A rasterization rule or line drawing algorithm does not necessarily require the end points of the line to be at the pixel centers. The ends could certainly be represented with floating-point coordinates. However, one of the disadvantages is that this requires performing floating-point arithmetic during the rasterization procedure. This becomes computationally expensive, especially if you need to draw many lines!

If we constrain lines to start and end at the center of pixels (represented by integer coordinates), it is possible to implement the rasterization algorithm without any floating-point arithmetic. Now, the pseudocode above assumes u is an integer but v is a float. But this pseudocode can be optimized to only use integer arithmetic instead (much better)! The optimized version is Bresenham's algorithm.

The line could also have R, G, B value associated with it. In this case, one could simply change the draw command to include an R, G, B value to write to the corresponding pixel, i.e., draw(u, round(v), r, g, b).


What should we do if there is more change in y than x? Thanks :)


I think you can find the answer from the link above that is about Bresenham's line algorithm. There is a section for all cases. If I understand that correct, it should be iterating from v1 to v2 instead of u1 to u2, and the step will be 1/s.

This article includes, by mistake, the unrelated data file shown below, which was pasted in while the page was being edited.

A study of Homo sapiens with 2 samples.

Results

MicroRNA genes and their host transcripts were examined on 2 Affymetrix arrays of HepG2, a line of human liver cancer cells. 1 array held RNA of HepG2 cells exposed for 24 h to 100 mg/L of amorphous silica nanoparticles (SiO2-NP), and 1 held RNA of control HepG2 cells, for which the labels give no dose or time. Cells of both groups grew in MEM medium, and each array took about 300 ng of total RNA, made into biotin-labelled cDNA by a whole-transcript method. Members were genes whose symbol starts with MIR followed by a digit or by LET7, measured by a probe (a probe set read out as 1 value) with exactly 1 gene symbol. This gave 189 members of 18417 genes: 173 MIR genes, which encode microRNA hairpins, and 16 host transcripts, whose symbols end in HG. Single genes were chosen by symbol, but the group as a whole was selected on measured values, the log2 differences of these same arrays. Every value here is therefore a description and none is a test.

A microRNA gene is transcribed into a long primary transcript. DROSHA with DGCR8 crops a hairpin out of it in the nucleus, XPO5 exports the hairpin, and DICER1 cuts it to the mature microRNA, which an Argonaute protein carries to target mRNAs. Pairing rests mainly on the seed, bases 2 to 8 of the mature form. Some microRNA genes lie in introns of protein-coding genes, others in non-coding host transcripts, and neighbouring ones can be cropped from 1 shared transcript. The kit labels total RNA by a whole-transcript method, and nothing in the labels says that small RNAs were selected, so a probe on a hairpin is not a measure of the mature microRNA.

Good answer! tplatina's answer is correct. If the slope is too large, then the code should iterate from v1 to v2.

Also the pseudocode in this slide assumes that u2 > u1. If u2 < u1, then the code needs to be changed somewhat as well, by adjusting the parameters to the for loop: for (u = u1; u>=u2; u--) {...}.


I was confused about the code in class. Now get clear because the round(v) is very important for the pixels we want.


Yup! We brushed through this rather quickly. That's why it is a good idea to review the slides on your own time as well, and ask questions here. :-) And you're right; round(v) is important, as the draw(u,v) function only accepts integer arguments.